April 14, 2020 – Head of the Croatian Institute for Public Health and a member of the National Civil Protection Headquarters, Krunoslav Capak, spoke about loosening measures in Croatia and when.
Like much rest of the world, Croatia has been living with special measures because of the coronavirus pandemic. It seems, however, that the epidemiological situation in Croatia is quite good, so the question arises when the rules will be lifted, or at least loosened.
We’ve already heard the news in Austria, which first announced that it was phasing out of the measures in place, as is Slovenia, Germany, but also Italy and Spain, the two countries most affected by the coronavirus in Europe.
Index.hr discussed loosening the measures and the epidemiological situation in Croatia with the head of the Croatian Institute for Public Health and a member of the National Civil Protection Headquarters, Krunoslav Capak.
Capak first commented on the fact that some countries, particularly those that were severely affected by the coronavirus, were already lifting measures.
“This situation cannot last indefinitely, especially in the economy, so that there is no economic collapse because then we have not done anything. The measures can be relaxed, but it must not be as before, special conditions such as distancing must be introduced,” Capak said.
He announced that he would consider loosening some measures in Croatia in the next period as well.
“One of those things is public transport. When public transport comes back, social distance measures will be prescribed. But before relaxing measures, such as normalizing public transportation, we think the epidemiological situation must be stabilized so that, God forbid, we don’t have a jump in the number of new cases as it happened in Serbia,” said Capak.
Capak said that there should be a consecutive number of days without new cases or a drop in new cases, or, more preferably, a drop without sudden leaps. The Head of the National Headquarters and the Minister of Interior, Davor Bozinovic, also gave a concrete time interval. A drop in the number of new cases should occur for five to seven days for them to begin loosening restrictions.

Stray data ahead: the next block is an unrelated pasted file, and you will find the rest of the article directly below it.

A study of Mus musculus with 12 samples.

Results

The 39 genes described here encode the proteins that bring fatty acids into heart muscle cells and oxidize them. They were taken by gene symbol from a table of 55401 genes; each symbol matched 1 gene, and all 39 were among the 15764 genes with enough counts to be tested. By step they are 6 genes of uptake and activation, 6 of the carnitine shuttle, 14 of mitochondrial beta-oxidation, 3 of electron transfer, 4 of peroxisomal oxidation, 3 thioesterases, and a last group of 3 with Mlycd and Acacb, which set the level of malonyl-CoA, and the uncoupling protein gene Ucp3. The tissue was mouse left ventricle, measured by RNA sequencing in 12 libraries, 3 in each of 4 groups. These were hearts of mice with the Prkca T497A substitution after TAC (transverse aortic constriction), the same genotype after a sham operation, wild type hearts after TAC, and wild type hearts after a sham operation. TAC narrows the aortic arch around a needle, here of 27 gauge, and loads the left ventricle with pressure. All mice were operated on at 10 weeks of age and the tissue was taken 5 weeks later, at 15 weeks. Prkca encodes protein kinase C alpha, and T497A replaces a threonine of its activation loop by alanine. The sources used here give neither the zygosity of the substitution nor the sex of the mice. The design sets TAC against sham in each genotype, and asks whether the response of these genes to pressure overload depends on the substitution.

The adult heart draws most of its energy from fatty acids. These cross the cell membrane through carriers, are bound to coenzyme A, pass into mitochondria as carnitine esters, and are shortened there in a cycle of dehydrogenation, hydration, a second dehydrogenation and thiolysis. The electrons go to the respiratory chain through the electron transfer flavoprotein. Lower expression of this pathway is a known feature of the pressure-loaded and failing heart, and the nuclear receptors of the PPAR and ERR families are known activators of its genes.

Krunoslav Capak revealed which of the measures represented the least risk and could be loosened in the first wave.
“It will definitely be economically good, good for the recovery of the economy and not a big risk. The business people will also help us a little by telling us which measure will most help the economy without creating chaos in terms of spreading the infection and increasing the number of new cases,” Capak explained, noting that the decision to loosen measures, when the time is right, is to be made by the Headquarters.
Capak confirmed that the public transport mentioned earlier could be one of the first measures to be eased.
“We will certainly consider public transportation and think very carefully about how we will do it. Our best people from the Public Health Institute use public transport to get to the lab, and they have no other option than public transportation. Some people just have no other options. We will certainly consider public transport soon, but under stringent conditions,” Capak revealed.
He said extending the opening hours of shops, like before Easter from 7 am to 8 pm, is not currently being considered.
“We will stay part-time from 8 am to 5 pm. When we agreed to that, we wanted to make it one shift, that people working in stores rotate and reduce the number of people going to work. I think that it is very important and that it is a successful measure,” Capak said.
Was there any feedback at the Headquarters as to whether the shops were organizing one shift?
“According to the information we have, most are. There may have been some shifts, but work is not two shifts, and that was important to us. I think it is very important to reduce the number of people, workers in stores, and customers,” he added.
When asked about complaints from those who work from 9 am to 5 pm, who are left with little time to go to the shops, he said that those in the Headquarters understand this best, but that it is still a good and efficient solution.
“Of course, I’m pleased. We considered the scenarios and comparisons with other countries and I always thought we wouldn’t have an Italian scenario. We did all the estimates on the number of beds and ventilators according to the Italian scenario, but I always thought it would be a lot milder here. If it were not for this situation in Split, we would have had a much calmer situation with less than 50 new cases a day,” Capak said.
Can we expect that the tourist season will begin by the end of July or August?
“It is very difficult to predict. We do not know what will happen in Scandinavia, although it looks promising there, and we do not know what will occur in central Europe. We have a particular advantage here because of the favorable epidemiological situation.
However, the tourist season depends a lot on the situation in the countries from which tourists come to Croatia. We will certainly not allow people from countries where the situation is not good to come. That is why it is tough to predict the tourist season at the moment. I think it would be good to think about attracting local guests,” Capak said of the tourist season.
Capak was asked if Croats who were planning holidays could then expect the movement ban within the country to be lifted.
“If it is a favorable situation, why not, we will see how we can ease it. For the time being, we are keeping that measure, but we will surely get there,” Krunoslav Capak concluded.